Strategies to assist literacy in everyday community interactions

What is literacy?

In its most simple form, literacy is a persons combined ability to read and write. We typically think of literacy learning starting once a child enters formal schooling – however, foundational pre-literacy skills begin developing at a much younger age.

By 3 or 4 years old, a child enjoys listening to books and talking about their favourite stories, they understand that printed words carry meaning (even if they don’t completely understand what it is yet), they make attempts to read and/or write, and are able to identify common and familiar signs and labels such as “stop” and “go” signs.

Why is it important for my child to develop these skills?

It is critical for young children to be exposed to pre-literacy skills such as rhyme, a varied vocabulary and basic print concepts (e.g. understanding that print is read from left to right, and from the top to the bottom of the page), as this forms the basis for developing more sophisticated reading and writing skills as they grow. Children and adults are required to read and write every single day of our lives, such as reading road signs and directions, completing forms with our personal information, understanding price tags at the shops, sending and receiving text messages, emails and much, MUCH more. Without the foundational skills, children may struggle to learn higher level literacy skills such as word and sound manipulation, impacting their long-term development of reading and writing.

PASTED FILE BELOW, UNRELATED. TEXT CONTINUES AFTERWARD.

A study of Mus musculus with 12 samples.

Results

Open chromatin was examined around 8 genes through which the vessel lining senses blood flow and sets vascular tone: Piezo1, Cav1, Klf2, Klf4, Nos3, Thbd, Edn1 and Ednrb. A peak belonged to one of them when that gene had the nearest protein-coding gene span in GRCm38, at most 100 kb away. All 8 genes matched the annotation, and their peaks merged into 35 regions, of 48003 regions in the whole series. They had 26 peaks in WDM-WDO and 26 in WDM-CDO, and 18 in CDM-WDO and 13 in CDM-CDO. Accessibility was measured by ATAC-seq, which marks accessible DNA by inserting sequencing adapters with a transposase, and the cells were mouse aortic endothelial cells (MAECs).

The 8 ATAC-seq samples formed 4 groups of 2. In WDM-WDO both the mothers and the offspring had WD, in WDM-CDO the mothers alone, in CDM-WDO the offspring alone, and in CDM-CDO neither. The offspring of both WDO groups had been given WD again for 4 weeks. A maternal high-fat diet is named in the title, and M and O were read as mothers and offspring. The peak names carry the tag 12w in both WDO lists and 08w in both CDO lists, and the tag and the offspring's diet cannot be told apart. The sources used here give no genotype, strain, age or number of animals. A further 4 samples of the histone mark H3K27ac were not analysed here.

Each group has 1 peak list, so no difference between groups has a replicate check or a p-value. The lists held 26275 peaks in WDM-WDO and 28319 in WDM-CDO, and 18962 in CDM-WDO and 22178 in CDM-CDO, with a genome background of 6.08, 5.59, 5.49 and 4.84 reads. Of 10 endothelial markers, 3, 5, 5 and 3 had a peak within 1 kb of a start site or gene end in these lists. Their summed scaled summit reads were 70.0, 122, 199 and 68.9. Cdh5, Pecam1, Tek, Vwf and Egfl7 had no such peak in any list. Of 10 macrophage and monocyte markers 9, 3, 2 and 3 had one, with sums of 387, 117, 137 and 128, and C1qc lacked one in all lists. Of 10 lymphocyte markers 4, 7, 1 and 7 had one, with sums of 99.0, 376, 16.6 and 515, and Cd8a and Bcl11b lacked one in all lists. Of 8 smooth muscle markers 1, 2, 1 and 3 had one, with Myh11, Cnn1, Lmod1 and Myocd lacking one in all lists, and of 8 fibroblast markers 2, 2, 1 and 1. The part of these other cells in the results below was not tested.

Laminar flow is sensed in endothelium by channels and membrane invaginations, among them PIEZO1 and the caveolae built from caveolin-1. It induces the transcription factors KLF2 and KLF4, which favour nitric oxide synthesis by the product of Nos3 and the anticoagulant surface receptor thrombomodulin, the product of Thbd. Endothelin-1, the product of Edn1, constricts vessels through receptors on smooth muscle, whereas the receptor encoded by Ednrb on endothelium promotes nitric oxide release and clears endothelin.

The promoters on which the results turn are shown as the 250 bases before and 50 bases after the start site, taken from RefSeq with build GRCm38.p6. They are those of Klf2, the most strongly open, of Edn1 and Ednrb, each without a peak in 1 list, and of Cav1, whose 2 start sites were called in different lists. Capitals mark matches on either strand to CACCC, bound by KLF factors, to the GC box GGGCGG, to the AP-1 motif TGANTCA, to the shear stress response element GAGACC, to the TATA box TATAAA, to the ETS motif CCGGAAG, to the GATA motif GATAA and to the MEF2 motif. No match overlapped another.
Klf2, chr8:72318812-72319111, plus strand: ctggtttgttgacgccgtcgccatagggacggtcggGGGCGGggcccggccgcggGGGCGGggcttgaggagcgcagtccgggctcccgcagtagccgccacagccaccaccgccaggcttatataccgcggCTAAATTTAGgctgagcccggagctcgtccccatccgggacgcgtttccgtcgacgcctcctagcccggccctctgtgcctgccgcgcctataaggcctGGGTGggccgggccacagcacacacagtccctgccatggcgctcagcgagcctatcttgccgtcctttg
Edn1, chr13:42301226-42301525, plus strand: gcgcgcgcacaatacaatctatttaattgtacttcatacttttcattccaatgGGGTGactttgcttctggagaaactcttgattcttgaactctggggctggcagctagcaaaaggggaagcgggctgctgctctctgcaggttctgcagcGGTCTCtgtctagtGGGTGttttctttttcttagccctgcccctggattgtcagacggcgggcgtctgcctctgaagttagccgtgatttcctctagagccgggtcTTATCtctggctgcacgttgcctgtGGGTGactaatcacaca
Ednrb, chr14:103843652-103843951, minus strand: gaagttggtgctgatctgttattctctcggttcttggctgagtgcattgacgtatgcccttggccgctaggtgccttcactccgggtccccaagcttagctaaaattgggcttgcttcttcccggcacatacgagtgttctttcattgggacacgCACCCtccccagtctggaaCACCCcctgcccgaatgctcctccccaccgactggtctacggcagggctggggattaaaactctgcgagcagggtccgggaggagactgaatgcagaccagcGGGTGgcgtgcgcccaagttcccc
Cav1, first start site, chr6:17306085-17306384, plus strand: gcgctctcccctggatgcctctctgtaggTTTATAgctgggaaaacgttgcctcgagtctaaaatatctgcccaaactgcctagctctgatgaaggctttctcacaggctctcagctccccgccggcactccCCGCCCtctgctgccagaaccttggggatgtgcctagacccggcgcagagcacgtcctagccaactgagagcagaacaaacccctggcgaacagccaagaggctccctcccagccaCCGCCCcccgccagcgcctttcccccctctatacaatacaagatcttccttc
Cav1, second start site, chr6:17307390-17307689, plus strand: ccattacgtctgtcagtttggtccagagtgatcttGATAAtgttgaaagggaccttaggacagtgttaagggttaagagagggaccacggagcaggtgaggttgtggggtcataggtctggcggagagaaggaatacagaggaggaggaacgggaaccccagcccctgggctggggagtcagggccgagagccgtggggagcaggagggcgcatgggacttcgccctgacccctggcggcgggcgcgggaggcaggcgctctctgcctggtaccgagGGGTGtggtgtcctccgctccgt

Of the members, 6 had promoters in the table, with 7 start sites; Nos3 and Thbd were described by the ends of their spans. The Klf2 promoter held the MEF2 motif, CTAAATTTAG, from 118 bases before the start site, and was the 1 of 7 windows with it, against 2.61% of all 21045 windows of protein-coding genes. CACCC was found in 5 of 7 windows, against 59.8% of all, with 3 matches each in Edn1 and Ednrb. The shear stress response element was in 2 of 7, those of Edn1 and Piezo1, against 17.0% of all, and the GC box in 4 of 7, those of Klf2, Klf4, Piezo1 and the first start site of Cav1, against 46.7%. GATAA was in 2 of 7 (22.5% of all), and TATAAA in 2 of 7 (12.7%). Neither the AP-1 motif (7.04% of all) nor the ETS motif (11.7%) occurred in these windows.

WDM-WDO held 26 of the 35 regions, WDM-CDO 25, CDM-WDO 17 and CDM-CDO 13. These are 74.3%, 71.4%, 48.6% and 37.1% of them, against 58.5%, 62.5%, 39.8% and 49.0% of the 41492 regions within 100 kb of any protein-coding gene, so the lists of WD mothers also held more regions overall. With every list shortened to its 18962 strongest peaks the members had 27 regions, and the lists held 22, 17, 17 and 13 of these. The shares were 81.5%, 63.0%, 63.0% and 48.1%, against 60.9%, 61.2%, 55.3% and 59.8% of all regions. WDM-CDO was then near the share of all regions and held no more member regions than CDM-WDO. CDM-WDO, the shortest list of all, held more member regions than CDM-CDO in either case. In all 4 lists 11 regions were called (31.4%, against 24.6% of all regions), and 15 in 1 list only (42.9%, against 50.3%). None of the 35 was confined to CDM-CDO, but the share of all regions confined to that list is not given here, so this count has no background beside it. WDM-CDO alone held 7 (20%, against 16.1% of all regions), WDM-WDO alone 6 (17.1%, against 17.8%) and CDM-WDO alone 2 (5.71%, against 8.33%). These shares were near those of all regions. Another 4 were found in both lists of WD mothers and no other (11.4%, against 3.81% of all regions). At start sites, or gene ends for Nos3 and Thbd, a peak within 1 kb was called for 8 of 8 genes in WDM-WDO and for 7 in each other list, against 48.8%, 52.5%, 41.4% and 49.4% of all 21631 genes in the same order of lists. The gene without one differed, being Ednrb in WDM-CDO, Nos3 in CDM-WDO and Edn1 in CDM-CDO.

Who can have difficulties with literacy?

A true cause of literacy difficulties is unknown, and it may vary between person to person. Sometimes literacy difficulties may be caused by difficulties processing information, difficulties with attention, or a co-occurring language disorder.

How to assist literacy development in everyday interactions

We can help our children learn literacy and pre literacy skills every day while we go about our regular routines at home and in the community.

For young children, including babies (yes, babies!) we can:

  • Sing nursery rhymes paired with actions and gestures
  • Read story books and talk about the pictures, pointing to the words as we read from left to right
  • Let your child hold the book and turn the pages
  • Point out and talk about things we see from the car window e.g. “Look! A brown cow, a long bus, a blue house!”
  • Use alphabet toys in the bath, sing the alphabet as we point to the letters

For children aged 3 years and older we can:

  • Read story books and ask questions about the story, such as what they think will happen next
  • Show them rhyming words in books, and ask if they can think of more E.g. “Both these words end in -at! Cat, hat. Can you think of more? Fat, sat, rat, bat…”
  • Play ‘I Spy’ to learn to identify the beginning sounds of words
  • Point out letters on a menu and talk about them e.g. “I found an ‘R’, your name starts with ‘R’! Can you find one too?”
  • Draw your child’s attention to road signs as you drive or walk past, talk about what they look like and what they mean
  • Show your child labels and tags on clothes, toys and food at the shops, point out the print and talk about what information they give us

If you child is experiencing ongoing difficulties with literacy such as reading and writing, please do not hesitate to call Harrison Speech Pathology for further information.

Please get in touch with our team today, we would love to help you and your child.